Sunday, February 20, 2011

Using Volumetric Carbon Dioxide Measurements to Optimize “P-High” During Airway Pressure Release Ventilation

There are many concerns when utilizing Airway Pressure Release Ventilation (aka. APRV, BiLevel, BiVent) in regards to lung injury.
 Inappropriate P-High settings may lead to large release-volumes resulting in over-distention, and volume induced lung injury [1].

One tool previously mentioned to help identify the optimal P-High setting is the static pressure/volume curve. Unfortunately, this tool cannot be utilized in patients that are spontaneously breathing, and it would be unrealistic to try to perform this maneuver once APRV is initiated.

Nevertheless, there is another option. This alternative uses volumetric carbon dioxide monitoring, which is available on newer mechanical ventilators. Respironics offers a stand-alone unit the "NM3", which gives the practitioner additional flexibility.

End Tidal CO2 (EtCO2) monitoring has been available for many years in the operating room, it is valuable in identifying proper E.T. tube placement, helps with targeting minute ventilation during general anesthesia, and has become the "fifth vital sign" [2].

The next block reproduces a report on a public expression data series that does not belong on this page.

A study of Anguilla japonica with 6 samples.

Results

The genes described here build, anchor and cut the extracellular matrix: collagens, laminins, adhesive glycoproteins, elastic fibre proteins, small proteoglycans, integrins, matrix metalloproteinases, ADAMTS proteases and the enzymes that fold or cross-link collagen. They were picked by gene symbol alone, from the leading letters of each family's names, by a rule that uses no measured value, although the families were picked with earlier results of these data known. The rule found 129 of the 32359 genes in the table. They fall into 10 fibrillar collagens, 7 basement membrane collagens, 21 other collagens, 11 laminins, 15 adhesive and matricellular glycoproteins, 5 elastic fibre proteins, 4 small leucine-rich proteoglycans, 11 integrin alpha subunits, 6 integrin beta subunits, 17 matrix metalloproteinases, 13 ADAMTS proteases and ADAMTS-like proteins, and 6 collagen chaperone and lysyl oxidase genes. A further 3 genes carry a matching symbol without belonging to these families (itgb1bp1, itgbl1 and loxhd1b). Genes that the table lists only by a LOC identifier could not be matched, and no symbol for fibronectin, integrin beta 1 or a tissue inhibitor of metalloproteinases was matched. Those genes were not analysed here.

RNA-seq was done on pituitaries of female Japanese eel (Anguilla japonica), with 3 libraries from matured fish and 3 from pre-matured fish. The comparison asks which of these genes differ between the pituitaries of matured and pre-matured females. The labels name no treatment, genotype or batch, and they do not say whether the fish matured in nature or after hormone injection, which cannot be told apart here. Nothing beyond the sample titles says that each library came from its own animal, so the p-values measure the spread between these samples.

Monitoring Volumetric CO2 provides extra values: Cardiac output, cardiac index, stroke volume, pulmonary capillary blood flow, determining true alveolar tidal volume, and dead-space, and monitoring appropriate PEEP levels & alveolar recruitment.

To set P-High Based on Volumetric CO2 you will need to monitor two parameters:

  1. Carbon Dioxide Elimination (VCO2)
  2. Alveolar Minute Volume (MValv)

Step one
- Collect a baseline VCO2 & MValv trend of at least 10-15 minutes of data.

Step Two
-          Increase P-High by 2 cmH2O & monitor VCO2 & MValv for five minutes. VCO2 may immediately decrease after increasing P-High. MValv will rise sharply & VCO2 will return to baseline if lungs are recruited.
-          If MValv does not rise & VCO2 does not return to baseline, the alveoli are most likely over-distended & the pulmonary capillaries compressed. Return P-High to the previous setting.

Step Three (if there was a ↑ in MValv)
-          Continue to increase P-High in 2 cmH2O increments, while monitoring (5 minutes) for Rises in MValv & VCO2.
-          Stop titrating P-High when MValv plateaus & VCO2 does not return to baseline.
-          Place patient on the P-High setting which created greatest MValv with the VCO2 returning baseline, this is the point of optimal recruitment without over-stretching.

2. The "fifth Vital Sign": Respiratory Rate, Heart Rate, Blood Pressure, is the three standard vital signs, pulse-oximetry (fourth), & EtCO2 (fifth).